September in the Tres Riches Hours

    The summer months come to an end in the Tres Riches Houres with a depiction of the grave harvest. The setting is the magnificent Château de Saumur, near Angers, which belonged to the Duc de Berry’s nephew, Duc Louis II d'Anjou. While its towers and battlements still stand today, in 1412 construction had only ended about a decade earlier, so the castle is depicted here as it was in its summer: tall, imposing towers with buttresses, crenelations, slate tiled roofs and golden, fleurs-de-lys weather vanes.
    The Château completely dominates the scene, and the similarity of its style to its predecessors in the calendar makes the difference in the foreground all the more jarring; for part of what makes September so unique in this Book of Hours is that it was begun by the Limbourg brothers, but completed seventy years later by Jean Colombe. Colombe’s style is readily evident in the heavier colors, stockier figures, and less crisp lines. Likely, he worked over a sketch left by his predecessor, and the harvesters’ clothing remains more akin to Limbourg’s era than that of his successor.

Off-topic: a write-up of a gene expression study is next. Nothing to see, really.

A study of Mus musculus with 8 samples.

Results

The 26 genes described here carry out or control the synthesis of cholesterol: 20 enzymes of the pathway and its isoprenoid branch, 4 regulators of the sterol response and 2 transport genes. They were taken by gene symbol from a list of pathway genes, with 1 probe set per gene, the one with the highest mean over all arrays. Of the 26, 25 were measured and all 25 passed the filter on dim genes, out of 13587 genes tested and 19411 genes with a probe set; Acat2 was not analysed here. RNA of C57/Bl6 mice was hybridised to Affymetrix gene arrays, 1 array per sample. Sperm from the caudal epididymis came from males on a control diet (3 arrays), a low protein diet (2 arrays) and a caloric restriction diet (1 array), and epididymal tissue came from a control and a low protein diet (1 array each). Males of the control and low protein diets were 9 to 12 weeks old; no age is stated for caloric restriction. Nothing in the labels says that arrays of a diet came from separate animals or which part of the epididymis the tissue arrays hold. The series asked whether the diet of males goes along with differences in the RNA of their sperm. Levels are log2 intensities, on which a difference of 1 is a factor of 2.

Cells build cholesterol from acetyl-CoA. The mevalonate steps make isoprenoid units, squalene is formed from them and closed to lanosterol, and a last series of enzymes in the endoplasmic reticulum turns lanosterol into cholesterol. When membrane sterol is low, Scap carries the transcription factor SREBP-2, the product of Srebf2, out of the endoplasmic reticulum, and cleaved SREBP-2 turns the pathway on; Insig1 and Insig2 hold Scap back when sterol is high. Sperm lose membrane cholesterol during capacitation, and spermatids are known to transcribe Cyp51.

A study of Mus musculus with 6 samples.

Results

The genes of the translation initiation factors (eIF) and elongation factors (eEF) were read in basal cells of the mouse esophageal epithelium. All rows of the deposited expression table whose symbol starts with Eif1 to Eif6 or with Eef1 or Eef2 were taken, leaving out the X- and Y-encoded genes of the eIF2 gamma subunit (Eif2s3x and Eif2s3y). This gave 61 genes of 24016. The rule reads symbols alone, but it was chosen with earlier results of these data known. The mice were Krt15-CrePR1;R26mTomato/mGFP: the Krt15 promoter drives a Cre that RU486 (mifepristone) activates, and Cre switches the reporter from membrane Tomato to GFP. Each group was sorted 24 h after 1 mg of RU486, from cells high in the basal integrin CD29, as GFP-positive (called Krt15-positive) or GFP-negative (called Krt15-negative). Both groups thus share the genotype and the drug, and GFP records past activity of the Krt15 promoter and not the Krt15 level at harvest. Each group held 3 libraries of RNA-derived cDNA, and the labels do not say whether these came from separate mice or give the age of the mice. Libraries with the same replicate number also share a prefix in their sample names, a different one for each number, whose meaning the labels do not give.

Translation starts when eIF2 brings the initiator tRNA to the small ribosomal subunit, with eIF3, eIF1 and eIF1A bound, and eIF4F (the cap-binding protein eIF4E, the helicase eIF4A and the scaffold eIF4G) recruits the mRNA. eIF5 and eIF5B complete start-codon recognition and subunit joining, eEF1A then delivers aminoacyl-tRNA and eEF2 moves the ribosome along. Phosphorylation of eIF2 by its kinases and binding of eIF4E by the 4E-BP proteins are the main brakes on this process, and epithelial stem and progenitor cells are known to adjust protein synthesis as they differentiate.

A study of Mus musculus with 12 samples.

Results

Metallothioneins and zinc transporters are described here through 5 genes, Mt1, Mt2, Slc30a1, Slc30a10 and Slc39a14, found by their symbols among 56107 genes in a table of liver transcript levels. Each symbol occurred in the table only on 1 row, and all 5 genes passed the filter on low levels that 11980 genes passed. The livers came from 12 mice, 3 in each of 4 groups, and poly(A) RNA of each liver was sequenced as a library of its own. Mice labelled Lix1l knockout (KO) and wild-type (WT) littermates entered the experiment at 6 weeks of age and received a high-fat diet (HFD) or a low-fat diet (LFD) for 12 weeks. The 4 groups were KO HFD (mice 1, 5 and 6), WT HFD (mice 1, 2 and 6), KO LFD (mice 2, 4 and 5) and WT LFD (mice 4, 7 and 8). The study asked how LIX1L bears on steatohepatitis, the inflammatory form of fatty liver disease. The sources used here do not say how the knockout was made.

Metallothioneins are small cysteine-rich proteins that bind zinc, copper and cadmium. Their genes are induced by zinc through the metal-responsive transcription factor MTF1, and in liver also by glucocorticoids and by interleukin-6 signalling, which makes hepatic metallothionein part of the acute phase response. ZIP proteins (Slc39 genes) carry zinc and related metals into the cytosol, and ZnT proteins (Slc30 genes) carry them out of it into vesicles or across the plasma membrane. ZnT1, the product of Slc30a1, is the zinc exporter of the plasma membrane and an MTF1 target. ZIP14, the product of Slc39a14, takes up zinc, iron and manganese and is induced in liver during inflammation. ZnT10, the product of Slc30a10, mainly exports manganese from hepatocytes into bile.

Women and young men wear aprons to protect their simple gowns and tunics as they fill baskets with ripe grapes from the famed, Angevin vineyards. As we have seen before, one of the harvesters has rolled down his chausses about his knees, revealing a pair of tight, white braies. The woman in the lower left wears a long, liripipe hood, while her male companion wears a short garment that looks as if Colombe may have been unsure if he were looking at a doublet or a tunic.
    Although Jean Colombe was simply not the peer of Paul de Limbourg or his brothers, many consider this harvest scene and its spectacular Château to be one of the most beautiful in the calendar.